Jun 20, 2011
      > --- Tay wrote:
      >> ... how XP is still relevant in the modern era despite
      >> being around for quite sometime ?

      --- John Roth <JohnRoth1@...> wrote:
      > I'm not sure what your question is about, since I haven't seen
      > enough of a change in software development in the last 15 years
      > to justify the term "modern era." Could you clarify what has
      > happened to call this a "modern era?"


      XP was invented in the smalltalk environment. Most of the Java platform (the JVM) and Microsoft's CLR are based on concepts from smalltalk, LISP and related tools. When the JVM and CLR, as we know them now, are considered quaint and outdated ideas, given the substantially better tools we have at our disposal, then I'd say that we're in a different "era" than the one for which XP was developed.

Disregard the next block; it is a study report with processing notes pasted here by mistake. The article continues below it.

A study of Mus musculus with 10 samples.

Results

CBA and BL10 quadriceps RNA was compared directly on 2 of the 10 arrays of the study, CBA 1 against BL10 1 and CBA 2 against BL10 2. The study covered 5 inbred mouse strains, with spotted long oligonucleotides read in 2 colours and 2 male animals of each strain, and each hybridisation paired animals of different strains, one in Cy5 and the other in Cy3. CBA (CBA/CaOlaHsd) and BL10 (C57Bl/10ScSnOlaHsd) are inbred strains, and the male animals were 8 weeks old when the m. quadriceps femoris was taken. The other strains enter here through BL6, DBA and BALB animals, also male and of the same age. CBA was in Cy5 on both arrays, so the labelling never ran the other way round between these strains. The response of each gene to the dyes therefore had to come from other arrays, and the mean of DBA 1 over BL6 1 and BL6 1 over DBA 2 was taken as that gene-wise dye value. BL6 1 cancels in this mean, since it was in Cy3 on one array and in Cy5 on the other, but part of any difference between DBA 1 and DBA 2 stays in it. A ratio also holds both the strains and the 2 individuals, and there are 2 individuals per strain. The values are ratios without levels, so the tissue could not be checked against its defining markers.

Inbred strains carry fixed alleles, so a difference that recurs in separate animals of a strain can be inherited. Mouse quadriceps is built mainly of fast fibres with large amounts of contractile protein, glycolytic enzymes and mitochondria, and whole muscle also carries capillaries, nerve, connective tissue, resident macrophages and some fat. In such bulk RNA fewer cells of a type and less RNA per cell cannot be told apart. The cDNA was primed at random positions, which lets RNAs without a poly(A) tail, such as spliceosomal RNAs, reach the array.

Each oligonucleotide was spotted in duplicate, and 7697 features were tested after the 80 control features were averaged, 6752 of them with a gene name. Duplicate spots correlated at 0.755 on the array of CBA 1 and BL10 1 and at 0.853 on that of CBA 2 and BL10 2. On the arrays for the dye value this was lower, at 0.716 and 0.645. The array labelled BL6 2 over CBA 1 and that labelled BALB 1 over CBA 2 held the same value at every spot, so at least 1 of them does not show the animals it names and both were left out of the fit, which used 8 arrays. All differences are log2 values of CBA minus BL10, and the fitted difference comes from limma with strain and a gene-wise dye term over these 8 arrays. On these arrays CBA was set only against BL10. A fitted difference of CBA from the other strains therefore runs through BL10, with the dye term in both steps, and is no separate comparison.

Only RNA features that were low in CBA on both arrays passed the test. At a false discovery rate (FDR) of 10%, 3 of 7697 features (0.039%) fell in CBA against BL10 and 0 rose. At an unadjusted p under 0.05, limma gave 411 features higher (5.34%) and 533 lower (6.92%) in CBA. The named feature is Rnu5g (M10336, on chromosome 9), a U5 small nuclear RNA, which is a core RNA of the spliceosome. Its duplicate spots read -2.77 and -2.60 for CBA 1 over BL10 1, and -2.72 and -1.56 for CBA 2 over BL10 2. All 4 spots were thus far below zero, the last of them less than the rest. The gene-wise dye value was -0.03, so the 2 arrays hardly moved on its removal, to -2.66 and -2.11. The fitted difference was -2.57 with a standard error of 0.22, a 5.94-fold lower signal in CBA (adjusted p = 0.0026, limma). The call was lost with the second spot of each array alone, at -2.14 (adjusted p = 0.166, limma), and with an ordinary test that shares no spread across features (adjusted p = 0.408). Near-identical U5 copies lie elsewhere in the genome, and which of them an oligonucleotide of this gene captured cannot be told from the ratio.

Even so, we'd have to find something better and more appropriate to for solving our automation/development problems before we could throw away XP.

      Personally, I think that the next "era" in software development will involve languages and tools that enable massively parallel processing to be done easily. (Functional programming shows some promise, but I'm still looking. I don't think we've found "it" yet.) So... Will XP be a good approach for writing massively parallel software? Can TDD be used to write such software? Well... It's hard to know for sure, but until something better comes along, the XP approach still looks like a pretty good bet.